This past Monday, we had an author visit with Kate DiCamillo. The excitement was palpable all day and it just created a special air to an event we knew was a gift. A gift of such a talented author coming to Vermont and choosing to come to the Flying Pig.
Our venue could only hold 215 people. By Monday morning we had upwards of 30 people on the waiting list who were calling to see if they could get in. We had some bad weather and, kids being kids, some got sick, so we had some cancellations. We devised a real 21st-century system for dealing with the wait list, so as many people who wanted to see Kate, could. I was with Kate and Jennifer Roberts at the Edmund’s Elementary School and had the wait list with me. My staffers would email me changes to my iPhone and I’d call based on what the email said. It was a lot like I was a magic fairy when I’d call people and say, “Hi, it’s Josie from the Flying Pig.” And I’d be met with squeals and shouts of, “Really? I got in?” It was amazing.
My two door people were fearless. They almost didn’t let Kate in because she wasn’t on the list. It’s easy to forget how many books Kate has written until you see them all laid out on three six-foot tables, and most of the books have stickers of silver or gold on them. Some kids just ogled the table and walked slowly up and down tapping books: “I’ve read this. This is my favorite, this one made me laugh.” The venue, Shelburne Town Hall, is lovely, and while it may hold 215 people, they’ve only got 130 chairs, so we set up a groundling area for the kids because they pack down so well. The adults got chairs and the room was full, right to capacity. What I loved so much about this event is the kids and the adults were all leaning forward in their chairs, hanging on every word.
Kate read the first chapter of Because of Winn-Dixie and then took questions. This might have been my favorite part of the whole event. Hands shot up and Kate, who’s got phenomenal hearing, just started answering. Like most good speakers she repeated every question so we all could hear it. My favorite question came from a child who was about six, who asked in a shy voice, “Where do you find your words?” Kate’s answer was brilliant: “I don’t have a problem finding the words, it’s putting them in order that’s the problem.” Kate treated all questions equally whether they were asked by an adult or a child. She didn’t talk about structure but rather imparted the joy and the mystery of writing. She writes two pages a day, that’s it. That’s her goal, she said. “If you write two pages a day, every day, at the end of the year you’ve got a novel. And that’s pretty good.” People looked incredulous. This was what everyone was talking about while waiting in the signing line. To hear someone whose had as much success as Kate DiCamillo say she only writes two pages a day was liberating, especially since we all think of writers of spending all day toiling and writing pages and pages a day.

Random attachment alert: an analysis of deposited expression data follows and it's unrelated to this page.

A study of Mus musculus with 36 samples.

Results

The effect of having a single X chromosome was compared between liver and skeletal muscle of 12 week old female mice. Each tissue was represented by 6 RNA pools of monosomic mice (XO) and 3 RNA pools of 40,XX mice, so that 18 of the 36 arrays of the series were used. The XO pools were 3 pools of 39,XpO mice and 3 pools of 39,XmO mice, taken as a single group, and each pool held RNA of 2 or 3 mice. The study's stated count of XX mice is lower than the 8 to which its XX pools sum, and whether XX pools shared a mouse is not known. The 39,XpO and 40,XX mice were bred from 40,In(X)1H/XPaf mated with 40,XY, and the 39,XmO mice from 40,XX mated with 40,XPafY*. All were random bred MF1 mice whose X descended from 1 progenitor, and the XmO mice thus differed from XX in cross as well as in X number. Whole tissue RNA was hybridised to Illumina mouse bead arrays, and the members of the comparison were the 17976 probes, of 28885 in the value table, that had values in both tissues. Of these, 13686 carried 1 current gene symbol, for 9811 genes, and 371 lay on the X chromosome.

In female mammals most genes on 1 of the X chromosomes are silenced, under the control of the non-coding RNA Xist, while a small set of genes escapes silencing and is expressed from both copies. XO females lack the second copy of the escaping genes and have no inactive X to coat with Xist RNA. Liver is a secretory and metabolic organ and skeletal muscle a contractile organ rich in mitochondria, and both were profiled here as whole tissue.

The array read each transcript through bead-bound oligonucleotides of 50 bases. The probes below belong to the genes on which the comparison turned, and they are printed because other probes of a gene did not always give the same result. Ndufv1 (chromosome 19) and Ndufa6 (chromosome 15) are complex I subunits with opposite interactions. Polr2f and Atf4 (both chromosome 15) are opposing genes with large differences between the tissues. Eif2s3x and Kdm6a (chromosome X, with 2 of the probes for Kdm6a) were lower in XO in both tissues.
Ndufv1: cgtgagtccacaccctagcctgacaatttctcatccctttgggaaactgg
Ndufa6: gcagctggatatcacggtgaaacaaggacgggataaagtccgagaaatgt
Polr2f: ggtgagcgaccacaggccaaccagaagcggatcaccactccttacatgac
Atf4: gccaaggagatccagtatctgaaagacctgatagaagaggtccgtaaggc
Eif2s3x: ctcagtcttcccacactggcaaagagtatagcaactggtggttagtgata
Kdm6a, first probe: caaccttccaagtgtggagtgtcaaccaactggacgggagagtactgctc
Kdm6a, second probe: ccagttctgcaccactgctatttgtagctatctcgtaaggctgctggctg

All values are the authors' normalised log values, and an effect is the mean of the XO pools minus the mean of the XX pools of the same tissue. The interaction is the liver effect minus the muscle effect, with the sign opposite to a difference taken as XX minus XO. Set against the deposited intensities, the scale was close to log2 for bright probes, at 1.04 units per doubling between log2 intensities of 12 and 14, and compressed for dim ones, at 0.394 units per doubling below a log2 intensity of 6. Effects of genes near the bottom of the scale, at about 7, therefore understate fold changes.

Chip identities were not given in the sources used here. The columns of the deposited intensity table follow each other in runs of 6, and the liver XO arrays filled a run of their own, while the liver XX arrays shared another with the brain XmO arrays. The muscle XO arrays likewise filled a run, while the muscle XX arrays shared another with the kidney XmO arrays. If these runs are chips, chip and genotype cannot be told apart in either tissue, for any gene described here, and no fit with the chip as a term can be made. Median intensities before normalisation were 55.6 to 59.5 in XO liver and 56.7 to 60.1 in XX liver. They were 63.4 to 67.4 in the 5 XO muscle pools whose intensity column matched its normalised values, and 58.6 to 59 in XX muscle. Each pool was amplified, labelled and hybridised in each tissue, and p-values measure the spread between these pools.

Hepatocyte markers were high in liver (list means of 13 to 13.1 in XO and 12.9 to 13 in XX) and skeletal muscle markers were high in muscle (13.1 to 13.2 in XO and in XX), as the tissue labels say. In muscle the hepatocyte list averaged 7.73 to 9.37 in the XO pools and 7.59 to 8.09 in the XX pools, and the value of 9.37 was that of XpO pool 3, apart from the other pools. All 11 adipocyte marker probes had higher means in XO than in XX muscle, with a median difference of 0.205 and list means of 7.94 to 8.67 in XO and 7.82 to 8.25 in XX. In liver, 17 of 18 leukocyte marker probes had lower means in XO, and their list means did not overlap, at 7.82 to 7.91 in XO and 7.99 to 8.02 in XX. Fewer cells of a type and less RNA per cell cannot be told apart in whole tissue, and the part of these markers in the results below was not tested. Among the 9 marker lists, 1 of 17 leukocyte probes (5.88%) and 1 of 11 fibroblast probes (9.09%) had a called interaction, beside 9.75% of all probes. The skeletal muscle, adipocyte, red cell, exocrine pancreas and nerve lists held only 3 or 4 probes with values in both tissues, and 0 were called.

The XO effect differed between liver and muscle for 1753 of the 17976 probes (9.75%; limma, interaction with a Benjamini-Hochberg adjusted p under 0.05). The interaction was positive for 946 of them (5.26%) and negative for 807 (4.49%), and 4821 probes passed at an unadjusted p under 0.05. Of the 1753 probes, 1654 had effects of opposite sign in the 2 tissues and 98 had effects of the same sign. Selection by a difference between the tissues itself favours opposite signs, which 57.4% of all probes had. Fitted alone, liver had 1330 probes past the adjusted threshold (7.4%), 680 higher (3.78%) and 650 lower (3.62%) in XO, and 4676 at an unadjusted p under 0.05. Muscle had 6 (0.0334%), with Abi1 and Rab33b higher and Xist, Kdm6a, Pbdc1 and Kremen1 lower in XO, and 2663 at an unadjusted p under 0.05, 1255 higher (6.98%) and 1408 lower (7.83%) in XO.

Kate inspired everyone in the room. A young girl was buying a book and said in response to Kate’s writing two pages a day, “Two pages is a lot, I’m not sure I could do that.” I asked her if she could start with two paragraphs a day until she worked up to two pages a day and she hopped, hugged her book and thought that was very doable.
Parents encouraged kids not to buy paperbacks, but to get hardcovers instead. One father told his daughter that these books were treasures and therefore it should be the hardcovers that got signed. I loved that dad for recognizing and encouraging library collection with his daughter and teaching her early on that some books are really special.
I think many folks left the event knowing their favorite author a little better. And l bet a considerable number of people in northern Vermont have written eight pages since Monday.